Taraji P. Henson announced the launch of a brand new campaign focused on lightening the mental health burden the educational system frequently places on Black students.
The Curious Case of Benjamin Button star created The Unspoken Curriculum in honor of Mental Health Awareness Month. The initiative will help Black students identify signs of trauma and empower them to seek guidance. According to PEOPLE, The Unspoken Curriculum is a six-week program that will run from May 17 until June 21. It will include discussions with mental health experts, therapists and educators where students can speak openly about their experiences in school. Henson helped create the curriculum through The Boris Lawrence Henson Foundation, her mental health nonprofit, and public relations firm Edelman.
“We’re in a state of emergency right now,” Henson said. “But it takes us to change it… we can’t hide the ugly, you’ve got to deal with the good and the bad if we want to see change.”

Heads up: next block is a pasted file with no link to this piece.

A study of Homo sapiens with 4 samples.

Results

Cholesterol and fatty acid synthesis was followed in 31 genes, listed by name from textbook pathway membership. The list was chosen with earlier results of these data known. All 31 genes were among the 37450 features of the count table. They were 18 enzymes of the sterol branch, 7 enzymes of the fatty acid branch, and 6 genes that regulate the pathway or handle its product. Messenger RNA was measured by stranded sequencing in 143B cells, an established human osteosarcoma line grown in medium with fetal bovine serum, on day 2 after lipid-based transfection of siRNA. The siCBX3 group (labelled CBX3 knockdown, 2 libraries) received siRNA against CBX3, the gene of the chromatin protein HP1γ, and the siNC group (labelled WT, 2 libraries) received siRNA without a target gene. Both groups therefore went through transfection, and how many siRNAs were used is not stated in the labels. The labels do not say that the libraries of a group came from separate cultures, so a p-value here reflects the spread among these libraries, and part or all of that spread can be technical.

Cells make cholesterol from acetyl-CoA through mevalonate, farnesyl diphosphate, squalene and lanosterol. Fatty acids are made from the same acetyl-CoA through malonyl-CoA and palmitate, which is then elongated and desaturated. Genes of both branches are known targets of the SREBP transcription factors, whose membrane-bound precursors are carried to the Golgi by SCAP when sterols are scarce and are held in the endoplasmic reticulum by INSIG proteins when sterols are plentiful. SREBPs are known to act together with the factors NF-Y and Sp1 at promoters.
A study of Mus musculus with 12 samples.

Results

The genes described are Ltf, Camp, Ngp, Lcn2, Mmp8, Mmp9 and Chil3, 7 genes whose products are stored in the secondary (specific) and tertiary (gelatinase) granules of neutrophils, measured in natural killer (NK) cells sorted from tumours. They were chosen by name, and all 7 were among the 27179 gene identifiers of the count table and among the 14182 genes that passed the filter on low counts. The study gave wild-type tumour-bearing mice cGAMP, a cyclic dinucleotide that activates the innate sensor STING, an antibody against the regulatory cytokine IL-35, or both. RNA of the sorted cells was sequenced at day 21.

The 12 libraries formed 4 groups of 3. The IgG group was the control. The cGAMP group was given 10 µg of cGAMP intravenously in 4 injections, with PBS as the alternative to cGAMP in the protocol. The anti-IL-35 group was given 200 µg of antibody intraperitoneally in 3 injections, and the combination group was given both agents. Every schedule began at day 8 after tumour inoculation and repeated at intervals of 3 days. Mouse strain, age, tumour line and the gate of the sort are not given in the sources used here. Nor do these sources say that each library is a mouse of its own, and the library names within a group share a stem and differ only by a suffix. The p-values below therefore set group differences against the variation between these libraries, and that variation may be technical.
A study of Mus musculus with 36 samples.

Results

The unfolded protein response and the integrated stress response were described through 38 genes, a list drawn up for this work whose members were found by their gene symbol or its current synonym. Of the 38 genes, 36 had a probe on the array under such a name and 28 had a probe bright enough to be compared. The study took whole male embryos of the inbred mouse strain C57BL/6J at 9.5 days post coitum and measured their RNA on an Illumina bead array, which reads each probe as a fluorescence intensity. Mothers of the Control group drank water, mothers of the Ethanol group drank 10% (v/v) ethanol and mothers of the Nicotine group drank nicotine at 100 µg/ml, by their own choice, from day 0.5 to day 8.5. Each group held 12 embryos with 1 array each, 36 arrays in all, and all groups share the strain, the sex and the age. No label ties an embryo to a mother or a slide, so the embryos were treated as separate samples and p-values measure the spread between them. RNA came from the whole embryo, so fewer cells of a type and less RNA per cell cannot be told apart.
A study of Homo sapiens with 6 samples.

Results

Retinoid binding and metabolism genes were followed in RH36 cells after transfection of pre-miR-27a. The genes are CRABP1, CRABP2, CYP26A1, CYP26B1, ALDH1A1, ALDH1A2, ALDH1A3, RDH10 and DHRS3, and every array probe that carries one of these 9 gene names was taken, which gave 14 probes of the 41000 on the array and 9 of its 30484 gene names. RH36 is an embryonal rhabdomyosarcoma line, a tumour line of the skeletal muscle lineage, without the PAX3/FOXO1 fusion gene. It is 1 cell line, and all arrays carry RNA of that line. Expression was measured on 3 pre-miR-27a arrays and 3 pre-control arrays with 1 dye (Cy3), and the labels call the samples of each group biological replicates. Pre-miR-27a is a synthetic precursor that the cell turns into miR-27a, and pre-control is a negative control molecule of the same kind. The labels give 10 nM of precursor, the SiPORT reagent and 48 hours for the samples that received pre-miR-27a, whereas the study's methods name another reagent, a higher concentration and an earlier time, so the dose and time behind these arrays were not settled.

Before becoming an actress, Henson worked as a substitute teacher. There, she witnessed racial bias against Black students firsthand. “I taught a special education class, but all of the students were Black boys who had all of their mental and physical capabilities. These children came from traumatic home situations, and the school labeled them ‘special ed,’” she recalled.
“These students were only in the fourth grade and they would grab my hand and say, ‘Ms. Henson! Ms. Henson! There was a shootout nearby last night, look at the bullet holes in the wall,’ and laugh,” she added. “That’s trauma — that’s not something to celebrate or normalize.”
Former students of the Baby Boy actress would get caught by the police for stealing food from local stores because they didn’t have anything to eat at home. “We need more professionals in education to recognize children dealing with trauma and help them, not criminalize them,” Henson said.
To learn more about The Unspoken Curriculum or The Boris Lawrence Henson Foundation visit borislhensonfoundation.org/unspoken.